Inspiring women in STEM
The theme for International Women's Day 2019 was #BalanceforBetter so we spoke to some of our female Science and Engineering researchers to see who inspired them in an industry still dominated by male colleagues.
Professor Alice Larkin, Professor of Climate Science and Energy Policy
Professor Alice Larkin is Professor of Climate Science and Energy Policy at the Tyndall Centre for Climate Change Research. Her inspiration and support for what she wanted to achieve in her life came from teachers, supervisors and family.
“On a family note, I’ve got two brothers and nobody suggested that they should be doing things that I can’t do and my grandad was always saying “Don’t look to the boys for all the good stuff, she’ll do good stuff too” and that helped me when I was young.
“I never felt unusual for liking Physics as a female student, I was never made to feel like that. When I did my PhD I was really lucky in my supervisor, she was a woman and really great at building a team and just incredibly supportive and has helped me to think about my team and the people that I work with and how to galvanise that enthusiasm.
Dr Louise Natrajan, Reader in Inorganic Chemistry, School of Chemistry
Dr Louise Natrajan found inspiration in her best friend from her PhD, reminding us that inspiration not only exists out in the world, but also much closer to home.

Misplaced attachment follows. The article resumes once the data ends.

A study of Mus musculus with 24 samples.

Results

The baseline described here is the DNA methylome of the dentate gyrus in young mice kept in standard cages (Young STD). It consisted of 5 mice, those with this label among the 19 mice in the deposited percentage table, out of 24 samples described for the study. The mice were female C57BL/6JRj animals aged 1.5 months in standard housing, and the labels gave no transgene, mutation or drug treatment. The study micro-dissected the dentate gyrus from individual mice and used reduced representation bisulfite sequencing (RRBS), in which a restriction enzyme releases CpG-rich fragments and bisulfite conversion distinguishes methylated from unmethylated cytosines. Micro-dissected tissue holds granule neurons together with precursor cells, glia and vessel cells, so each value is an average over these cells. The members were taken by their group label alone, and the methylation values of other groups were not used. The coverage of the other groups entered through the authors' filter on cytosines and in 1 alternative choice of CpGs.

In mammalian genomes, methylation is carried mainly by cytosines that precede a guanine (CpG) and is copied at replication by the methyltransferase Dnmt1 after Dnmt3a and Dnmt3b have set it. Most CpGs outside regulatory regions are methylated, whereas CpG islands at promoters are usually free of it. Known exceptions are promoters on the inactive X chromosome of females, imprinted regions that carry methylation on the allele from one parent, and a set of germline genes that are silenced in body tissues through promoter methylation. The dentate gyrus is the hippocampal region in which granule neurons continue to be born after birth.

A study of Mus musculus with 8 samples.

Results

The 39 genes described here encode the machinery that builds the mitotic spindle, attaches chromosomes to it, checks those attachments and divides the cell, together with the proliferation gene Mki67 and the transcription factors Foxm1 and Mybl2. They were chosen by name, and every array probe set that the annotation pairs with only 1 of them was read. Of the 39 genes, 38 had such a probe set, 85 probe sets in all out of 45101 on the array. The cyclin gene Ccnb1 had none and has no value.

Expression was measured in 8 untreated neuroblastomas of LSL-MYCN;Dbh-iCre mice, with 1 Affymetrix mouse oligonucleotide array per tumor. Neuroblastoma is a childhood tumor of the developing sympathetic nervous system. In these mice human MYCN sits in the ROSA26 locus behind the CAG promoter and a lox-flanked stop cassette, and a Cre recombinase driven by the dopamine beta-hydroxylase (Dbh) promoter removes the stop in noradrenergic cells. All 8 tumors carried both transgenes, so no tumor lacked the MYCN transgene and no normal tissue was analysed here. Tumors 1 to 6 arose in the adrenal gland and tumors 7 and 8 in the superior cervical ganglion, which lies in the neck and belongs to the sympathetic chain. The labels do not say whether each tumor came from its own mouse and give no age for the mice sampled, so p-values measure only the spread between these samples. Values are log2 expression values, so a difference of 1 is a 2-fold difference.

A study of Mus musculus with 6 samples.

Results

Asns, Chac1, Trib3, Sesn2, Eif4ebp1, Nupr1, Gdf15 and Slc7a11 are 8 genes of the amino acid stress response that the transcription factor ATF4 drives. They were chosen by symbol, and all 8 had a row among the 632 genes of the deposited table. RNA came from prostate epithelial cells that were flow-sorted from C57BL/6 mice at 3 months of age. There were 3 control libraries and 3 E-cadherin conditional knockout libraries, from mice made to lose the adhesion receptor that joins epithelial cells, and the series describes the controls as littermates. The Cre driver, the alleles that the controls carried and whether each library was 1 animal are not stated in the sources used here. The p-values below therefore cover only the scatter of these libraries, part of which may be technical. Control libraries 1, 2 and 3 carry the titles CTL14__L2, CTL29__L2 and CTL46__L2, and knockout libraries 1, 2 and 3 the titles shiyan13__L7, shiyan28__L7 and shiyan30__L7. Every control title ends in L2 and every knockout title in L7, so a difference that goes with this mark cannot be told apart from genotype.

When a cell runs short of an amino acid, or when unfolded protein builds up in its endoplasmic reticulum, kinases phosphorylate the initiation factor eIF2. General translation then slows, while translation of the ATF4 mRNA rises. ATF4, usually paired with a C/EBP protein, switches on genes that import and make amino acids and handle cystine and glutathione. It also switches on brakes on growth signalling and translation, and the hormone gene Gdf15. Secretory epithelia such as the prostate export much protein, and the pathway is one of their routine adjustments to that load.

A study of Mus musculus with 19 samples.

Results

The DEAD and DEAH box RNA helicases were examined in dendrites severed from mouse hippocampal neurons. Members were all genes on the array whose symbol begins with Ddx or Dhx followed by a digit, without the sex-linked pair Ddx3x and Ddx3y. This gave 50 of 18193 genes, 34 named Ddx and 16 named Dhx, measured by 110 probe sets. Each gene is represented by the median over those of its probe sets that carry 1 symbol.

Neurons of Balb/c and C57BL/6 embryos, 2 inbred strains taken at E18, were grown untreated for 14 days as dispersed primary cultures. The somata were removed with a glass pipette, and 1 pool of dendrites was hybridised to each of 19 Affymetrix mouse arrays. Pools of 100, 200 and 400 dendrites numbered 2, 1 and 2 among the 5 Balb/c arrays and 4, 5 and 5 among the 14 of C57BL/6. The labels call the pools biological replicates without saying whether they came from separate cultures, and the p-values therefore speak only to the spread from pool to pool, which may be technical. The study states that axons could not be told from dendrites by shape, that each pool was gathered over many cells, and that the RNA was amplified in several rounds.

“The person who really inspired me was my best friend from when I was doing my PhD. We both worked for different people who were starting their academic careers so we were their first PhD students and it was quite difficult not having a group support around that but we supported each other and she was so motivated and into her research which really inspired me to want to work really hard and get the most out of my research that I could.
“That’s something I take with me still today. If it wasn’t for her, I wouldn’t be where I am now.”
Dr Caroline Jay, Senior Lecturer in Empirically Sound Software Engineering, School of Computer Science
Dr Caroline Jay's inspiration came from her younger self who pushed aside people’s preconceptions and thought about what she really wanted.
“Since I’ve been at Manchester there have been lots of people who inspire me, too many to mention, but when I was at school that wasn’t the case at all.
"I didn’t really expect to be studying science later on in my life and it was only really when I put other people’s preconceptions aside, and thought about what I really wanted to do, that I ended up moving in this direction and ultimately having a career that I found really rewarding.”
Philippa Browning, Professor of Astrophysics, School of Physics
Professor Philippa Browning found that there was a lack of female role models in her field and so took inspiration from the men travelling to space.
“My inspiration came from Yuri Gagarin, who was the first man in space and when I was a child I really wanted to be an astronaut, and I was also influenced by the men going to the moon.
“I realised being an astronaut wasn’t for me but I could explore space in other ways and stay on the earth.”